The problem has become more and more substantial over the last two years because the cost of the paid search channel has risen in the grocery industry, and more new grocery shoppers use search engines such as Google and Bing to look for groceries online. Additionally, there are some unique challenges that exist in the grocery industry that could make things even more difficult for search engines to pick up useful information for providing meaningful content to users. For instance, geolocation plays a very important role in product assortment for grocery businesses. The product Stock Keeping Units (SKUs) could vary for two brick-and-mortar stores that are geographically close to each other. Moreover, the prices for those stores could also be different for the same product.
Analysis of Possible Approaches
So then, you might ask, what can be done to better support SEO?
Server Side Rendered Dynamic Content
When the World Wide Web was initially invented back in 1989 by English scientist Sir Timothy Berners-Lee, society never imagined that we would be relying on it that much today. For many years, the web had been for static content only but moved towards the era we know now: everyone on the web can participate in content creation.
Because web content was static, server-side rendered dynamic content worked very well for a long period of time. Eventually, however, users didn’t need to fetch entire web pages every time they interacted with the websites.
For grocery shopping websites, the most common operation from users is doing product searches. If a user goes to the next page for search term results, does the whole page really need to refresh just to get the incremental changes? However, server-side rendered dynamic content has a strong advantage on platform support because the teams that worked on the projects could be much smaller. On the other hand, if you look at any tools that do web scraping, many tools nowadays still do not support client-side rendering.
Being able to support some level of server-side rendering is a pretty essential ingredient for marketing a digital product. It is better to have a clear boundary between the front end and back end, and it is more preferable to interact with the back end via ReSTful APIs rather than the dynamic rendered HTML templates.
Search engines are also trying to better support client-rich applications on the web and remove support for indexing content from the NoScript tag. While it still works as a doable approach for SEO today, it is also a ticking bomb that could go off anytime. Avoiding the use of the NoScript tag to include SEO content is better, and helps move the web forward.
Pre-render Just For Bots
Pre-render just for bots was initially recommended for website owners in 2009 and deprecated in 2015. The original idea suggested serving different content among the bots and the users. Since bots’ User-Agent is different from regular browsers, the server could serve entirely different content based on whether the consumer is a bot or not. Prerender.io, a business service, was created just for doing that kind of task for the various vendors. Similarly, the AMP project, which has the goal of improving the mobile experience by serving unique content to mobile clients, is attempting to have a better result for the search engines to index content.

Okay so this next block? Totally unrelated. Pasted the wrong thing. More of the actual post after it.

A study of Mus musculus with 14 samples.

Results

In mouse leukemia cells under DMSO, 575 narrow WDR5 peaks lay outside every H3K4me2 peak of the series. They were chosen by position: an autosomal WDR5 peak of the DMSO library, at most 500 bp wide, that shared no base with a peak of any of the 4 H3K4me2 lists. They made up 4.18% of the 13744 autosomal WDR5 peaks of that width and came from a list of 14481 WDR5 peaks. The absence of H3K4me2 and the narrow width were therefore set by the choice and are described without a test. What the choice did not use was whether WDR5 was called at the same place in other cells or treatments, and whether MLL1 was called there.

The approach to serving different content for bots and humans is not ideal because the bots’ job is to act on behalf of users to recognize the content which is needed to index. If the content is different for bots and humans, how could a company guarantee that the bots are indexing meaningful content? The approach remains a valid option to explore.
Methods of Improvements
Another consideration is to add better keywords, titles, and h1 headlines on the current SPA so that the bots (GoogleBot, Twitter Bot, Facebook Bot, etc.) can pick up more meaningful content when they crawl.
Also, providing canonical URLs for SPAs allows the search engine to identify unique content to better index the pages.
Static Sites for Product Pages and Category Pages
Creating a site generator that provides static product pages and category pages under a separate path from your main SPA could be very helpful. The pages can be re-generated periodically and provide performant, purely server-side rendered content to users and bots. Static content for product and category would increase the chance of getting assortment exposed to the public regardless of their availability from users’ exact geolocation. As a result, more users would be attracted to those websites.
Sitemaps and Robots.txt
With the new approach for generating static pages for products and categories, companies can also use it to generate fresh sitemaps for different types of content. Not only are all static pages exposed to sitemaps, but also pages such as popular search terms and cms contents are created as new sitemaps. In this way, companies can clearly tell how many pages are getting indexed by the search engine and improve based on that.
The journey for SEO has been long, but the changes a company can make can translate to real results. Companies can expect to see an increase in the number of pages crawled and indexed, as well as improved trend impressions. But, only time will tell what the best solution is. And, if the past has taught us anything, that solution will likely continue to change as digital experiences change and evolve.
The views, opinions, and content expressed in this blog are mine only and do not necessarily reflect the views, opinions, official policy, or position of my employer.